Having spent five years as a vet, it was difficult to know where to start when considering a career change.
There were valuable and satisfying aspects in being a vet – the client communication, problem solving and the potential to make a difference to pets and their owners, but there had been a niggle since university that grew the more time I spent in general practice. Client expectations were soaring and it seemed despite working more hours and on call, it was also impossible to meet them, and also impossible to reach the salaries of friends who’d come straight out of three years of university and started to work their way up various career ladders. Despite a challenging and academically rewarding five years at university, general practice was at risk of slipping into the comparatively mundane cycle of neuters, anal glands and foreign bodies.
The veterinary degree is so challenging it inevitably attracts high achieving students who are used to striving for perfection. What became apparent to me in practice is that ‘perfection’ is very hard to achieve. This, combined with a relative lack of opportunity for career progression, long hours with relatively poor pay, feelings of isolation, compassion fatigue and feeling under-appreciated by my employers certainly contributed to my dissatisfaction.
I found it hard to justify a career move to non-vet friends and family who were concerned that I was throwing away five years of hard graft at university, not to mention countless weeks of work experience and several years in practice. There were certainly a lot of “doesn’t it feel like a waste?” and incredulous cries of “you studied for five years and you don’t want to do it anymore??”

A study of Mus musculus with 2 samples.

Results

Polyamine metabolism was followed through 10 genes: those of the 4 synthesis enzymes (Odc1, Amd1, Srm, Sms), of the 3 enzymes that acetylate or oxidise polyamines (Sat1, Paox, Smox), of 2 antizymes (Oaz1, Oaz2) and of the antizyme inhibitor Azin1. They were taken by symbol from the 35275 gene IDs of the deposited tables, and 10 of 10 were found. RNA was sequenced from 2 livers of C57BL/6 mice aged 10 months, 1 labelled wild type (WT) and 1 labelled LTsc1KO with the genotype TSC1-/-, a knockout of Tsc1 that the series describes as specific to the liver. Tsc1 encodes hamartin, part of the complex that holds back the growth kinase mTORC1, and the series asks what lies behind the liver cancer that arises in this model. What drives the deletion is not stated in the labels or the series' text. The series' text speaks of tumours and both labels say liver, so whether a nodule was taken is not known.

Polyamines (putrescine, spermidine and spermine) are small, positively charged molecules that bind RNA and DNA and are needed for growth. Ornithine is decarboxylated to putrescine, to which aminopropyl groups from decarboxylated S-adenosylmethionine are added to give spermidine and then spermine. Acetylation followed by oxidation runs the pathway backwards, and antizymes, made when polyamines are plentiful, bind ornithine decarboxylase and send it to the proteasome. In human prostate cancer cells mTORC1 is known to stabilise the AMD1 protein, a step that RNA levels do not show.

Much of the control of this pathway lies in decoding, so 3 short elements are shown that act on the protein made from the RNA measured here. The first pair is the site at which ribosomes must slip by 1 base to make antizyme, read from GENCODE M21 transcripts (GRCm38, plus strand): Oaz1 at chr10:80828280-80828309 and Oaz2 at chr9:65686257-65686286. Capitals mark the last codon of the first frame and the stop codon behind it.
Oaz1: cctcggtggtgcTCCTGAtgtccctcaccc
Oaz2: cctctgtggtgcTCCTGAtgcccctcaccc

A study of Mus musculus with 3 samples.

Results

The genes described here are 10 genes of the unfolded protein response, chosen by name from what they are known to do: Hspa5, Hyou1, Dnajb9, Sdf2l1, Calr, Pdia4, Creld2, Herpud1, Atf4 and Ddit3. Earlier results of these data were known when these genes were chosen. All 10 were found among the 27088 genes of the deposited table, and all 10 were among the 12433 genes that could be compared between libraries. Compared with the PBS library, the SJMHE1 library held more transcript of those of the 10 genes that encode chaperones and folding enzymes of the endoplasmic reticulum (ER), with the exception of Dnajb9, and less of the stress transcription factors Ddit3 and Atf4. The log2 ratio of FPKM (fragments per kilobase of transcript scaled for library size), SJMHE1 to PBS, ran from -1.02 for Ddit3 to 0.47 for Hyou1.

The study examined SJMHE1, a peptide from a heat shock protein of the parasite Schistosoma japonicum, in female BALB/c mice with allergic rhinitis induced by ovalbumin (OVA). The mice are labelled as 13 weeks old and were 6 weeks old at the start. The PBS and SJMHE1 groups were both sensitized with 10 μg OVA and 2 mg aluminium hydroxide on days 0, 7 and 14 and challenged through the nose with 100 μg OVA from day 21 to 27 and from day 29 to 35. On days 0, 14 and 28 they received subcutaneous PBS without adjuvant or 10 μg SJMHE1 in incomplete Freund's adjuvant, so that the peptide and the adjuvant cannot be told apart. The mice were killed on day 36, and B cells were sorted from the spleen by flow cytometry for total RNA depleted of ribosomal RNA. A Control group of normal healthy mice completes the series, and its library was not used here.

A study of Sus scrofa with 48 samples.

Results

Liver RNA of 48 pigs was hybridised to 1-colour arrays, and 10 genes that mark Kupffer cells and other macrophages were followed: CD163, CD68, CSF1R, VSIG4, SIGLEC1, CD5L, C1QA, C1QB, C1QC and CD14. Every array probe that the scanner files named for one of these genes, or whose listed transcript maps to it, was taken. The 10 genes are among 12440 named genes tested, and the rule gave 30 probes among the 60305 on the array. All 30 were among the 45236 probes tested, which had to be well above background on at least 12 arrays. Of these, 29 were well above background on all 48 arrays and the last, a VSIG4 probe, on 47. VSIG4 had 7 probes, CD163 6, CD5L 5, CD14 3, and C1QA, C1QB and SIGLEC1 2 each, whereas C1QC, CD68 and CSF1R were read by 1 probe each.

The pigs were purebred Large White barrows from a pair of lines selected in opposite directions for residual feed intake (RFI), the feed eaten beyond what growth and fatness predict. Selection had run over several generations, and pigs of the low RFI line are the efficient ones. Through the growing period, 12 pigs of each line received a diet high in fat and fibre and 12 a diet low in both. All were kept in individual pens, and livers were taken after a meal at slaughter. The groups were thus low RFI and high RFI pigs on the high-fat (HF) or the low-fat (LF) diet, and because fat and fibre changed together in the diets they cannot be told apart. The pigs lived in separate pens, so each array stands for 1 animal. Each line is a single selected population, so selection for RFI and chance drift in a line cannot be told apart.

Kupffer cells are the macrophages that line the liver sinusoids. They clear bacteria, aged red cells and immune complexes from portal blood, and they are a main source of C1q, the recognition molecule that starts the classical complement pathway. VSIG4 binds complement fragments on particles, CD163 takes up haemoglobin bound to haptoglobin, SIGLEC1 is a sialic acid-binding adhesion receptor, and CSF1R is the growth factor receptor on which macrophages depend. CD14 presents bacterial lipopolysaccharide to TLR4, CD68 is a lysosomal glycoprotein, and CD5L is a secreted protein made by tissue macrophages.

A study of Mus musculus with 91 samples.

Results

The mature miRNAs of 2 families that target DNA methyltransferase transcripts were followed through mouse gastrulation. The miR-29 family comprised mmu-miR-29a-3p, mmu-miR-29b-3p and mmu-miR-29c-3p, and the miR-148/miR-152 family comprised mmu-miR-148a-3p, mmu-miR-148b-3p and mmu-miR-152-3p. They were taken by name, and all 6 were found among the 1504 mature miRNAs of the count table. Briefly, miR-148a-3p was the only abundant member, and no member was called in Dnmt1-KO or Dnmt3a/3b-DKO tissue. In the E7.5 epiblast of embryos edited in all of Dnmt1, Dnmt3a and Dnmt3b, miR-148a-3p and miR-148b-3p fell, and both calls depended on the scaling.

As a perfectionist, my fear of failure loomed large when I considered looking further afield for what made me happy. I was in danger of suffering a meltdown and, unsure of what immediate steps to take, I left my job to travel. On returning, the highs of spending six months working and travelling abroad fell short of the stark reality of trying settle back into a job that I knew wasn’t completely right for me. I felt I could not meet the perfect standards I had been taught to achieve in University and for a while I struggled with a depressive emotional battle trying to figure out what to do next.
I began to talk to people working in other careers I was interested in, burying myself in career change books and blog posts, hoping to find people who had done what I hoped to do and come out the other side. But the only information I could find about career changing from being a vet was how to move into research, or ‘big pharma’, or setting up practice on your own. It totally missed the point. Where was the encouragement to see yourself as valuable outside of the veterinary sector?
Speaking to people outside the sector, working as film makers, authors, journalists, etc. my perception of my veterinary degree gradually shifted – I began to view it as a tool kit rather than a ball and chain.
I realised I had a truly diverse set of transferable skills- the ability to identify and explore a problem, thoroughly research possible solutions, formulate a plan of action and communicate that plan and its outcome. It’s the keystone of multiple professions, from broadcast journalism to management consultancy, and the fact that it is tied to animal medicine should only help me stand out from the crowd in a competitive job market.
Some of my peer group have left the veterinary sector to explore other opportunities, others have stayed within it, working in general practice but building side-line careers. I chose to develop my passion for natural history and broadcast journalism by studying for a masters in science communication. My veterinary degree meant I could locum whilst I studied, reassured that once I completed my studies, I could take stock and reassess my options. Having a stable source of income supported me whilst I took the steps toward a career in media production.
People often find themselves with two or more careers under their belt in their lifetimes. Many vets are very happy in general practice. For me, it provided stability. But once I realised I could maintain a career in veterinary medicine by using a wealth of CPD opportunities, locum roles and support from veterinary groups, I found the freedom to challenge my expectations of my career and to explore another.